Thomas Jefferson, the main architect of the Declaration of Independence and third President of the United States, maintained a long relationship with his slave Sally Hemings, a mixed-race woman. Some of their children identified as white, some as black. Professor Annette Gordon-Reed explains why:
Half a century later, Frederick Douglass, a mixed-race former slave, became a leading abolitionist. His writings and speeches helped set the stage for the abolition of slavery in the United States.
In 1883 Cali Leung, the mixed-race protagonist of The Second Promise, knew the perils of racial identification and discrimination all too well. After her Chinese Godmother Xiao-Ying died, Xiao-Ying’s friend Nellie Young offered to adopt Cali.
“You can’t,” Cali said, still staring down. “I’m Chinese and you’re white.”
Nellie narrowed her eyes. “Well, you’re half white, and ever since we came to Bodie, you’ve been going to school as a Young. Nobody has stopped you yet, because you look just as white as Will and Martin. I don’t see why you can’t just continue being white. If you were really part of our family, it would be even easier than before.”
Cali was already shaking her head. No it wouldn’t, she thought. It’s not easy for me to keep pretending. I have to pretend to be a Young when I’m really a Leung. I have to pretend not to mind when people say hateful things about the Chinese, calling them filthy and criminal and dishonest. I have to pretend not to notice the signs on Main Street businesses promising that they only hire white men to cook there or repair shoes there. And pretend not to notice the disapproving look on Mr. Young’s face that time he asked Mrs. Nellie why she doesn’t belong to the Ladies’ Auxiliary and she explained that her friend Mrs. Lee Xiao-Ying is a real lady, while the Ladies’ Auxiliary is full of counterfeit ladies. What it felt like to hear the chants coming from the political meetings at the Miners’ Hall. “The Chinese Must Go!” the men shouted, louder and louder, and Gohn-Pa would lock the door and douse the kerosene lantern, so the house would be dark when the men spilled out of the meeting and looked for some Chinese to beat up.
The Second Promise, Chapter 1.
Thankfully, some things have changed since 1883. David, my youngest son, was born a century later. He and his bi-racial cronies call themselves “mixties”. That’s a cute name; there have been many harsh ones. Mongrel. Half-breed. Mulatto. Mestizo. Mud people. Even today, some people of all races deplore what they see as dilution of racial purity. (Racial purity is, of course, a myth, as proved by Henry Louis Gates in his famous study of the DNA of Oprah and other celebrities.) Traditionally, “mixties” were assumed to be mixed up psychologically as well as racially, unable to fit in to either society. Today, at least in the Bay Area, race seems to have faded as a primary source of identity for bi-racial people. It’s been fascinating to watch my three children grow up, each with a different point of view, all points of view differing from those of their father and me.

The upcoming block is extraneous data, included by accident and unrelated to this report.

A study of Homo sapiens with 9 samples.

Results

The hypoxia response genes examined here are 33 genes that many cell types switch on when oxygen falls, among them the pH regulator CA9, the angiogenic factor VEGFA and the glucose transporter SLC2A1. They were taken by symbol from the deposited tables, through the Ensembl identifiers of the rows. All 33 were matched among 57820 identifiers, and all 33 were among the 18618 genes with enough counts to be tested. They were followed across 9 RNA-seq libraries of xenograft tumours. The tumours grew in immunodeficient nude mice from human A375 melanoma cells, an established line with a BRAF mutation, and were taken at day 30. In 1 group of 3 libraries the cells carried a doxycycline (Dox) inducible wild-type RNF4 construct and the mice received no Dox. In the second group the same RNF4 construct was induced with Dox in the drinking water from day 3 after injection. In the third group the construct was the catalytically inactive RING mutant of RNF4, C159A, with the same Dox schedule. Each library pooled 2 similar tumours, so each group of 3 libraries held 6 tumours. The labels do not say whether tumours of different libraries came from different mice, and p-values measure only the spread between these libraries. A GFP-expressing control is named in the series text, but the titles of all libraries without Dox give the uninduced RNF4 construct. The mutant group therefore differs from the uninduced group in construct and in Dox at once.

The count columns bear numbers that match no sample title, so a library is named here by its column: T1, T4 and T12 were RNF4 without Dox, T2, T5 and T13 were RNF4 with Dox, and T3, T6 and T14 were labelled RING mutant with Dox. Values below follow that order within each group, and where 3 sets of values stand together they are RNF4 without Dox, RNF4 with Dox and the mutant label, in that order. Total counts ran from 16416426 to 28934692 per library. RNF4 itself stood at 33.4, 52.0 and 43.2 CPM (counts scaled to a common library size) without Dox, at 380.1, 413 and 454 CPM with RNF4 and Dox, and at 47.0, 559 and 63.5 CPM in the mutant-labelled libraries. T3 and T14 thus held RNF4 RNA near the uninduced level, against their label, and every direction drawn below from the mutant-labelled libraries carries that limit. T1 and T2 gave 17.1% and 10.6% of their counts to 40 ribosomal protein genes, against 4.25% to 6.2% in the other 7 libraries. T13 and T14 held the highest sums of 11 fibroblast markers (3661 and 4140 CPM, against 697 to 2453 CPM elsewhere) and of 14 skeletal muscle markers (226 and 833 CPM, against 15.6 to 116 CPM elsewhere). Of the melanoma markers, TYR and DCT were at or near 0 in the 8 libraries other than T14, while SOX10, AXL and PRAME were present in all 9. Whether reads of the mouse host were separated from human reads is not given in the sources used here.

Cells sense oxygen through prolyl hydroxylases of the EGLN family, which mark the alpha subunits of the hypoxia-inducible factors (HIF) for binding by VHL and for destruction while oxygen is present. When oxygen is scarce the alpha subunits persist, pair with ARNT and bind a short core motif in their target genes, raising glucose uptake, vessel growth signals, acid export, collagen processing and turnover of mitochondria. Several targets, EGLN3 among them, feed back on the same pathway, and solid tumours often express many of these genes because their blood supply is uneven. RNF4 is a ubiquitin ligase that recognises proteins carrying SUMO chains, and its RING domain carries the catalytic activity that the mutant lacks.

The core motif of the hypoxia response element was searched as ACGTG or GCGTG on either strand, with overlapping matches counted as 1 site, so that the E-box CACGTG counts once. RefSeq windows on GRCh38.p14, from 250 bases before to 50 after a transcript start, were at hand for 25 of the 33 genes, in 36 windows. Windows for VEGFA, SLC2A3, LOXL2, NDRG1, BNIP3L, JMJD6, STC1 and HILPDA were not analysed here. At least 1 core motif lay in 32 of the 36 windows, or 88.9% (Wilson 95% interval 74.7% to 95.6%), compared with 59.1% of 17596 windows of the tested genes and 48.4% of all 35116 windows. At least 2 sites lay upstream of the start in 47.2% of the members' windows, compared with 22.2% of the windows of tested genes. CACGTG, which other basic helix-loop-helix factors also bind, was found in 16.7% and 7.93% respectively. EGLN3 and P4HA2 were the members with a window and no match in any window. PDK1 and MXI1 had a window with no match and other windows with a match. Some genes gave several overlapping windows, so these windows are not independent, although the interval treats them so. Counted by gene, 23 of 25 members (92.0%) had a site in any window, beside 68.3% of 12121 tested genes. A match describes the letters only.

In today’s America, all children have to learn the rules of racial behavior. It’s just a little more complicated for mixties. If their black friends call each other “Nigga” in a friendly way, can a black-white mixtie do the same? Where some school friends are ABC’s (American Born Chinese) who make fun of FOB (Fresh Off the Boat) immigrant classmates, should the Chinese-Caucasian mixtie chime in? What if you’re half Filipino and half black, and your black friends ridicule you for chatting in Tagalog with your Filipino classmates?
I believe that racial identity is really cultural identity, and it seems to me that more and more often, bi-racial young people are defining their own culture. I see them no longer basing their identity on the traditional markers of skin color and ethnic origin, but instead, cherry-picking their cultural preferences from their broader experience.
Despite the code of silence that still prevails in most of white American culture, everyone is assumed to have an opinion about race. And I think that some of the most informed, thoughtful and nuanced opinions are held by Americans of mixed race.
(Check out Barack Obama’s famous speech about race at http://www.nytimes.com/interactive/2008/03/18/us/politics/20080318_OBAMA_GRAPHIC.html#)
If you’re a “mixtie”, either because your parents are of different races or you’re part of a multi-racial family, I’d love to hear your point of view. Please comment and share your experiences about the effect and importance of race in your own family. How are you received and treated by the different cultures in your family? In your school or workplace?
Meanwhile, take a moment to appreciate the talents and beauty of some famous mixed-race American women.